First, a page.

Yale scientists have developed a novel Omicron-specific mRNA vaccine that offers superior immune protection against two viral subvariants than standard mRNA vaccines.
The new vaccine, called Omnivax, increased neutralizing antibody response against the BA.1 and BA.2.12.1 Omicron subvariants in pre-immunized mice 19-fold and eight-fold, respectively, compared with standard mRNA vaccines. The improved response against the BA.1 subvariant was reported June 6 in the journal Nature Communications. The results of the study involving the BA.2 subvariant were published July 19 in the journal Cell Discovery.
“While standard mRNA vaccines still offer protection against infection from new variants, their effectiveness wanes over time and was compromised due to immune escaping mutations in emerging variants,” said Sidi Chen, associate professor of genetics at Yale School of Medicine and senior author of both studies. “We wanted to see if we could develop variant-specific vaccines that offer additional protection against emerging subvariants.”
The experimental vaccines, developed in Chen’s lab by a team headed by postdoctoral associate Zhenhao Fang, use engineered lipid nanoparticles to deliver mRNA to cells with “instructions” to create spike proteins from mutating variants, which the virus uses to attach to and infect cells. The presence of these foreign viral fragments prompts the immune system to create antibodies against the virus. The rapid mutation of spike proteins on the surface of the virus over time has created a parade of subvariants and enabled them to blunt the protection of earlier generations of mRNA vaccines developed by Moderna and Pfizer-BioNTech.
The engineered lipid nanoparticle mRNA vaccines can be created quickly, researchers say. For instance, the BA.1 subvariant emerged in mid-November; by mid-December Yale researchers had developed a vaccine against the new strain. However, testing the efficacy of the vaccine in mice and a peer review of the study was not completed until February. By March, the BA.2 subvariant had taken hold as the predominately circulating strain throughout most of the world. The researchers then investigated whether the Omicron variant vaccine maintains its superiority over standard vaccines against BA.2. The new vaccine has also boosted an immune response superior to standard vaccines in mice against this subvariant, researchers reported in the Cell Discovery paper.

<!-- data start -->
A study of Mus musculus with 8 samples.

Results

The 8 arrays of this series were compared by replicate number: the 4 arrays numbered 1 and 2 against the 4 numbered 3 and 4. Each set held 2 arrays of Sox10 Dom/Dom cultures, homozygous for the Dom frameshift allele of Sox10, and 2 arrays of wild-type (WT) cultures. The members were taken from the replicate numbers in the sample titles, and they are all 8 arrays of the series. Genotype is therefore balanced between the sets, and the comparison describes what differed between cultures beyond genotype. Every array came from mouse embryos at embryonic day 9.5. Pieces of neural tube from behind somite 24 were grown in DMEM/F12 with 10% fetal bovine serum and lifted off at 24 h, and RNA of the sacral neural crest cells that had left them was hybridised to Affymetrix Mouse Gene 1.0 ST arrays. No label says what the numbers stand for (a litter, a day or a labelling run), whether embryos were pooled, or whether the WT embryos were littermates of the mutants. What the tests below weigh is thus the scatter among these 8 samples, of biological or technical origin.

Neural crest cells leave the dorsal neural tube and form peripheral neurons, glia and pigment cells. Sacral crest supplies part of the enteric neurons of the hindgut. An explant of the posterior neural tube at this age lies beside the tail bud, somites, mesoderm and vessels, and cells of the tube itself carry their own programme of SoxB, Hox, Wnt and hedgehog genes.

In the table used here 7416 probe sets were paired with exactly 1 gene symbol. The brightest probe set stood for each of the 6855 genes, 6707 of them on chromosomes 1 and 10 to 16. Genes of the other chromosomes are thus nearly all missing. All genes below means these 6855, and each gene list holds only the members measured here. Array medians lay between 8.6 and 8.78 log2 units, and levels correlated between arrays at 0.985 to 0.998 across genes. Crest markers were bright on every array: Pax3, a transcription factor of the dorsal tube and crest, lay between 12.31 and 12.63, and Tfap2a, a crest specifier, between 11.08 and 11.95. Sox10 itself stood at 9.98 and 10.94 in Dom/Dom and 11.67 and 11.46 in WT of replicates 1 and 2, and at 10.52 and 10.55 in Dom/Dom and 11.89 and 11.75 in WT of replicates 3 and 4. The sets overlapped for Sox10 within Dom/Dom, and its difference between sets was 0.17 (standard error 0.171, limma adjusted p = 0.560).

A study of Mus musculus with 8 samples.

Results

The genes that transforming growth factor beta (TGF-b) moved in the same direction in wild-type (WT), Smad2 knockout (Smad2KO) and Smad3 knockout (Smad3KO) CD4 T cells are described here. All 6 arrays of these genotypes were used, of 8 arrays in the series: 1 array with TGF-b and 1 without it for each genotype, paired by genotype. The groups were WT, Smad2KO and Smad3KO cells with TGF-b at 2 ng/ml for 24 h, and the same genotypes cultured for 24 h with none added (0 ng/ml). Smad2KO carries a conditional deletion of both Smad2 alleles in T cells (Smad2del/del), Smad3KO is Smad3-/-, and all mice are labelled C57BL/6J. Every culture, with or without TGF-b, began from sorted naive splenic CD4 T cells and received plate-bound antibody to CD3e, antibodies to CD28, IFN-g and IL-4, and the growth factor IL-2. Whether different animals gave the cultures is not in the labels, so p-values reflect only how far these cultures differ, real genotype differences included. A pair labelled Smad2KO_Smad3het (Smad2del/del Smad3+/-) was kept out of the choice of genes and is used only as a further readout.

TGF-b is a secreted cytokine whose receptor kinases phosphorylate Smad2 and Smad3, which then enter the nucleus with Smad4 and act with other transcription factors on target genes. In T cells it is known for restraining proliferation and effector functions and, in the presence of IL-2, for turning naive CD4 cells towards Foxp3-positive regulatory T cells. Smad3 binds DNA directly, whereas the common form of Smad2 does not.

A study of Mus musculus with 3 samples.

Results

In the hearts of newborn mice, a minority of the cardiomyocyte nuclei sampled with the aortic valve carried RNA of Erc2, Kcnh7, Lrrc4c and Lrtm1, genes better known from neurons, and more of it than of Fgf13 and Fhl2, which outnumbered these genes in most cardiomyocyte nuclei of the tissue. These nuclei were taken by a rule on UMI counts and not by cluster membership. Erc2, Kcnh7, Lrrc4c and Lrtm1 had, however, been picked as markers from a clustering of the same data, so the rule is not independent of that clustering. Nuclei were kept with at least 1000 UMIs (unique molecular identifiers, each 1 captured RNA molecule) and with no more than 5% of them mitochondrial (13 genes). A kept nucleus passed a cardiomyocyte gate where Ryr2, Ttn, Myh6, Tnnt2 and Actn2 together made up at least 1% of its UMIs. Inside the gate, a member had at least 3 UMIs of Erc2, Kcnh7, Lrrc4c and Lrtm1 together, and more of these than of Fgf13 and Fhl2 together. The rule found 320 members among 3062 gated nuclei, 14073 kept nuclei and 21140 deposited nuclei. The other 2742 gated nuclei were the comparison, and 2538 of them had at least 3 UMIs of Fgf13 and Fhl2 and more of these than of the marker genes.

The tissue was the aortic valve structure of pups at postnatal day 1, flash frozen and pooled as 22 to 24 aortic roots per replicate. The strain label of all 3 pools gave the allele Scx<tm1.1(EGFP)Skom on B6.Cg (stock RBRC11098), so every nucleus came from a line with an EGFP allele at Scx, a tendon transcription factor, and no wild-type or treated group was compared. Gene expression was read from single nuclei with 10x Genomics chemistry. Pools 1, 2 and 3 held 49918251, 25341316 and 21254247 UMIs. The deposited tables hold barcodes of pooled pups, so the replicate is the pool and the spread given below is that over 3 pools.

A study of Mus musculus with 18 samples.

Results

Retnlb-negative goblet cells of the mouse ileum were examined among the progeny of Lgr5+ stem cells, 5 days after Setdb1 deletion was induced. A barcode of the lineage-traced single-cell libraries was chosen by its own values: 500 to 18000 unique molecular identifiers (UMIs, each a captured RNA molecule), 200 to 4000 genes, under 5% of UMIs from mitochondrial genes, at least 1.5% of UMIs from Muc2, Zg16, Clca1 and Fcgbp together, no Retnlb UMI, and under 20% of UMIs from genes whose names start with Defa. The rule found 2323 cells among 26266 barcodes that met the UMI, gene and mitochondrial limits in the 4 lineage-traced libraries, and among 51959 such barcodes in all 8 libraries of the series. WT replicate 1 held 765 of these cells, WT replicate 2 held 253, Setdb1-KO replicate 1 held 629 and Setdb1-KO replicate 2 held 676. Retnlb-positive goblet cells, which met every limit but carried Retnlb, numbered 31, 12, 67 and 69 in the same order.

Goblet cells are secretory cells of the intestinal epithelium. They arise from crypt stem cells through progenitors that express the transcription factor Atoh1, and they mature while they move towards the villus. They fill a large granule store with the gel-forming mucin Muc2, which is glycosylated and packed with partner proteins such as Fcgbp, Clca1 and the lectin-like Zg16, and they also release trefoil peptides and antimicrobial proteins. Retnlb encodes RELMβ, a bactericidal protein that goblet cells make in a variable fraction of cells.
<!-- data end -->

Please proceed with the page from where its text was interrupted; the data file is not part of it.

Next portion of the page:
“Although translating the new vaccine candidate from bench to bedside requires rigorous testing in human trials, these preclinical studies provide a comprehensive and unbiased evaluation of an Omicron-specific vaccine candidate, which will hopefully fuel the development of next-generation COVID vaccines,” Chen said.
In light of the rise of new BA.4 and BA.5 variants, which have become most common among COVID cases, Yale researchers are currently testing a new vaccine candidate against these variants in mice.
“We have a system in place to combat these emerging subvariants, but we need to adjust the system to respond more quickly to emerging health threats,” Chen said.
Chen is affiliated with the Yale Cancer Center, the Yale Stem Cell Center, the Yale Center for Biomedical Data Science, and the Systems Biology Institute and Center for Cancer Systems Biology at Yale’s West Campus.
Yale’s Zhenhao Fang and Lei Peng are co-first authors of both papers. Chen is the corresponding author of both papers. Craig Wilen, assistant professor of laboratory medicine and immunobiology at Yale, is the co-corresponding author of Nature Communications paper.
The research was primarily funded by the U.S. Department of Defense.